What Is Involved When An Employee Is Terminated For Cause.

Terminating employment with cause is a difficult threshold for the employer to meet.

Typically, there are two types of cause. One is the case of serious employee misconduct such as theft or fraud or assaulting a co-worker where the conduct is so serious that the employer is entitled to summarily dismiss the employee without notice. The other category is more performance based, where there are issues with respect to an individual’s performance. In that instance, an employer has to be very careful to show that efforts have been made to identify the performance issues in a very specific way so that the individual can understand what the issues are. The individual must be given the opportunity to improve on those areas and is specifically warned that failure to improve could result in discipline and possibly dismissal without further notice. To succeed an employee must show the individual was given a very clear understanding of the employer’s expectations and a reasonable opportunity within which to meet those expectations.

Sometimes, the employer’s expectations may be unrealistic or the objectives that they are setting unachievable. When an employee is faced with this kind of a process, it would be wise to get legal advice. You may sense that something is up, you may be right that it is the beginning of the end. If an employee gets counsel, counsel can coach them through it. For example, your employer may have made allegations against you of poor performance and you are asked to sign a document, acknowledging that there are issues, and are given a three month period to meet objectives. But you feel the expectations are unrealistic or that some of the issues raised have nothing to do with your job. Maybe you have not been given the support or don’t have the required training. There could be a variety of reasons why things are not happening the way the employer wants them to happen.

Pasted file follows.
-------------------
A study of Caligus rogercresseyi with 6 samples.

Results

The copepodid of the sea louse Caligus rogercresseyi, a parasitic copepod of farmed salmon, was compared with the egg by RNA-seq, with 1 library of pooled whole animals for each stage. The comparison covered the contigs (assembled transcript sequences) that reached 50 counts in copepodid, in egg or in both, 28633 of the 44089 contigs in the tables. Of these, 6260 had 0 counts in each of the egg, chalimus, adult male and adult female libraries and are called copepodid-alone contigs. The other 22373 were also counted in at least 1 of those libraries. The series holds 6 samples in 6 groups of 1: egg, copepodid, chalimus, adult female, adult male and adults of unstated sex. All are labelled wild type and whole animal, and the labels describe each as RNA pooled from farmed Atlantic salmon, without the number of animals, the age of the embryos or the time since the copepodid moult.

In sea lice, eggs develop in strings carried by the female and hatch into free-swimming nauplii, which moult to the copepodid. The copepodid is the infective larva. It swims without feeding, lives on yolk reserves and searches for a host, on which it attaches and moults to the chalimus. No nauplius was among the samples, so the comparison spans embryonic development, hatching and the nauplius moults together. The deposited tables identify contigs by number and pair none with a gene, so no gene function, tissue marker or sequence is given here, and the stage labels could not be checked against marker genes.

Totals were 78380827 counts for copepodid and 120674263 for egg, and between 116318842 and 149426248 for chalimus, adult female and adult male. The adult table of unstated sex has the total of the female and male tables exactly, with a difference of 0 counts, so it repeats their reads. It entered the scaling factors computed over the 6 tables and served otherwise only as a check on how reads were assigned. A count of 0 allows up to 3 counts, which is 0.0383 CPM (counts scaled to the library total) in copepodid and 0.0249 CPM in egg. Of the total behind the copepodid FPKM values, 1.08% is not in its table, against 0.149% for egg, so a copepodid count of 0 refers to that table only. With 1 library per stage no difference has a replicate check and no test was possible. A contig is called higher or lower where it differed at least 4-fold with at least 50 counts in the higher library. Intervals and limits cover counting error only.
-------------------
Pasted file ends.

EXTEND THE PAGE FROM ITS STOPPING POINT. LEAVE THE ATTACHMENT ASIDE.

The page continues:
On those occasions, I typically coach from the sidelines and will advise you to sign the document. In my experience, employers get very defensive when they are trying to control a process and they feel that the employee is not cooperative. But I will also advise that you prepare a response and attach it to the employer’s document. In your response you state why you feel the issues that are being raised are inaccurate, or that you could improve upon these areas if you had more support. By doing this you provide a balanced record of what is going on in the work place. The employer will often realize that you have hired counsel and so instead of going through the exercise of building a case against you, they will look at ending your employment with a package.

Most cases like this are settled. In fact most of them don’t even get to litigation. A lot are resolved by way of negotiation between the counsel for the employee and counsel for the employer.

If you, or someone you care about, is dealing with employment law issues in the Waterloo Region, contact the Law Office of Morrison Reist.

This article is taken from an April 17, 2008 interview with Melanie Reist, Employment Lawyer at Morrison Reist Barristers & Solicitors, an Kitchener, Ontario Employment Law Firm. Note that laws vary from province to province. Please consult with a lawyer in your own area to be sure of the laws and specific issues in your own jurisdiction.